Coronavirus Still Hurting Bradley International Airport, Tenants


A document obtained by NBC Connecticut Investigates indicates passenger traffic numbers remain woeful at Bradley due to coronavirus.

Some, like Julius Brown of New Haven, said they’re still traveling, despite the pandemic.

“As long as I wear my mask and I got my hand sanitizer with me, I feel safe,” Brown said.

Many though, have decided to stay home. The Connecticut Airport Authority reports passenger traffic in late August down between 71% to 81% compared to a year ago.

The CAA said Connecticut’s policy requiring incoming travelers from affected states to quarantine 14 days “….is having an impact on our passenger activity level at the airport. This translates into substantially reduced revenues.”

The CAA said while it understands why a health advisory is in place, it asks “…how can that be rationalized so that the risk can be managed, potentially through a testing program.”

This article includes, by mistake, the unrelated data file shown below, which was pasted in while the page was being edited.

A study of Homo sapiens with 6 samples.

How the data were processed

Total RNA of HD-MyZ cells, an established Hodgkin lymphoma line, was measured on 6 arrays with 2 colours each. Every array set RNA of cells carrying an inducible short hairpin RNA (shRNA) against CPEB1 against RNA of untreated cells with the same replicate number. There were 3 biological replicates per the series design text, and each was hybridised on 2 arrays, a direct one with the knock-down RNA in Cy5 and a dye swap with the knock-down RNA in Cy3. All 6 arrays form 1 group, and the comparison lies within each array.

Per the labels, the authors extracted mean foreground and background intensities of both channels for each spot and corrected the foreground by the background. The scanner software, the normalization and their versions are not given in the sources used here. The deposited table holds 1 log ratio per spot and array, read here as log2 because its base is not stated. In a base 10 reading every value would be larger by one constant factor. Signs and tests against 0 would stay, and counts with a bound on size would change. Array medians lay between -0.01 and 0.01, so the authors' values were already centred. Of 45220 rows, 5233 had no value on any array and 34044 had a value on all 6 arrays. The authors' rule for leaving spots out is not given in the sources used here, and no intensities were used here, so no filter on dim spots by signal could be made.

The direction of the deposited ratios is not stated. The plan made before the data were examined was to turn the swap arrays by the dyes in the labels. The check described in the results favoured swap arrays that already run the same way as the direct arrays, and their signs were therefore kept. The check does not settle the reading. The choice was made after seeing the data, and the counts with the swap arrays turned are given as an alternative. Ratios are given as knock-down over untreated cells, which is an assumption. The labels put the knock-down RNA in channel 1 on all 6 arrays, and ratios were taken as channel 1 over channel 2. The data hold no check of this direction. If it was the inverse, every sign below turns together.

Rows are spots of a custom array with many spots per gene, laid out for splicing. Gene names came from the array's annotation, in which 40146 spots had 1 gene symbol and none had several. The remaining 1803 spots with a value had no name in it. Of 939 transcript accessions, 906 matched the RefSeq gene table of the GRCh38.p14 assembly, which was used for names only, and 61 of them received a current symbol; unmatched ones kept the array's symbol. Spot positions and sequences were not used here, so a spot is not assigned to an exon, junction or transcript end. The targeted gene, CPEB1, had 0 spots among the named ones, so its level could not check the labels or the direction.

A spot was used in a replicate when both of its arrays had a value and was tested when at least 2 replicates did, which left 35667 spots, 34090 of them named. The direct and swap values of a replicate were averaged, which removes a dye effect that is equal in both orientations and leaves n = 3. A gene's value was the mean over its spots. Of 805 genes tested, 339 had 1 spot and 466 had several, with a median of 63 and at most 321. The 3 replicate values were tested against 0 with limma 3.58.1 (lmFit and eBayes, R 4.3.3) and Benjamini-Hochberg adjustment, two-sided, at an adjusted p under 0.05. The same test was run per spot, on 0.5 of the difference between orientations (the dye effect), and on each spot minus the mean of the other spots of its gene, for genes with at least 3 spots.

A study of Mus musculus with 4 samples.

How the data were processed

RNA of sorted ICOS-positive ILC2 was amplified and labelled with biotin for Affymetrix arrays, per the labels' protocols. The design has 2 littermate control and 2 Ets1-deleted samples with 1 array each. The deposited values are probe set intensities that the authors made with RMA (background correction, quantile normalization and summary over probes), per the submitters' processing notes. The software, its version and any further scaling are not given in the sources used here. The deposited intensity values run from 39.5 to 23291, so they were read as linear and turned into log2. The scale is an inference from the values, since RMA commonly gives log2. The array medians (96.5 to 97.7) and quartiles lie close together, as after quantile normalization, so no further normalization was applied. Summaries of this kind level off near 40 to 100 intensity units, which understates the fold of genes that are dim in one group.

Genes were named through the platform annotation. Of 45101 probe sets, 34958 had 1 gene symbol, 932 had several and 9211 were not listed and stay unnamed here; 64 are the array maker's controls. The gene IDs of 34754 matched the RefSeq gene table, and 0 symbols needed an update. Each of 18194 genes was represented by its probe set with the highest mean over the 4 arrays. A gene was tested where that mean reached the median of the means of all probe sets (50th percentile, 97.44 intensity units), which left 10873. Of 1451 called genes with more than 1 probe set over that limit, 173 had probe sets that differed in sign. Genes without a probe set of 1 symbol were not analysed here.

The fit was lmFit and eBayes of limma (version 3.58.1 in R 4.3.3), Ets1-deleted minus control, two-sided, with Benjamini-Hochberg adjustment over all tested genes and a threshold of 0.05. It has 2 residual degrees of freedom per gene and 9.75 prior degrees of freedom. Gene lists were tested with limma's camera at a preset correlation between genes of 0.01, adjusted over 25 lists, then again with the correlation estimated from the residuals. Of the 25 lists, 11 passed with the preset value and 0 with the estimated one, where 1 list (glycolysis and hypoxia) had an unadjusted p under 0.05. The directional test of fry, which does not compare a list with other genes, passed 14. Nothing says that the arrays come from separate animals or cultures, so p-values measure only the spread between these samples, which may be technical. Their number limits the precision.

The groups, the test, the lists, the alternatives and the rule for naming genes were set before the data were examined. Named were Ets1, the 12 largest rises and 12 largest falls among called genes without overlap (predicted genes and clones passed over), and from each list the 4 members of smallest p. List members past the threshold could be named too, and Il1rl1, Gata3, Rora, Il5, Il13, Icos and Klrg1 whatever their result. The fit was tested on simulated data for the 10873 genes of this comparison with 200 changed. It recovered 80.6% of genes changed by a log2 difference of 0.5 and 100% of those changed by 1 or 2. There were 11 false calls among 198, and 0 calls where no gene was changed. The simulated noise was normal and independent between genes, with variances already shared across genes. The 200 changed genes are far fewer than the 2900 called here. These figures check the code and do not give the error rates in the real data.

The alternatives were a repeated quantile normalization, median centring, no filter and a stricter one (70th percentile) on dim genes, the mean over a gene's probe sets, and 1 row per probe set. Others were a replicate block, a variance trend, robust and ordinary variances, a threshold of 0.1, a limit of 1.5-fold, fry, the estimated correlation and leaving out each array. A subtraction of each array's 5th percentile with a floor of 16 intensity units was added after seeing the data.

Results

Executive Director Kevin Dillon added the CAA believes the state could modify some testing and quarantine requirements, improving passenger volumes yet still managing risk. The Connecticut Department of Public Health said that is not something it’s willing to consider.

At the same time, the CAA said that car rental companies, who are expected to be some of the chief tenants of Bradley’s new $210 million transportation center, have asked the airport for help.

They have requested a reduction in a $7.5 million guaranteed annual minimum payment they make to operate there. It represents about 10% of Bradley’s annual operating budget.

This all puts Bradley International Airport and the CAA in a tough position. They could just demand the minimum payment from the car rental companies, but they also don’t want to push so hard that they push these companies into bankruptcy.

So far, there is no word on what the CAA plans to do. Its next meeting is slated for September 23.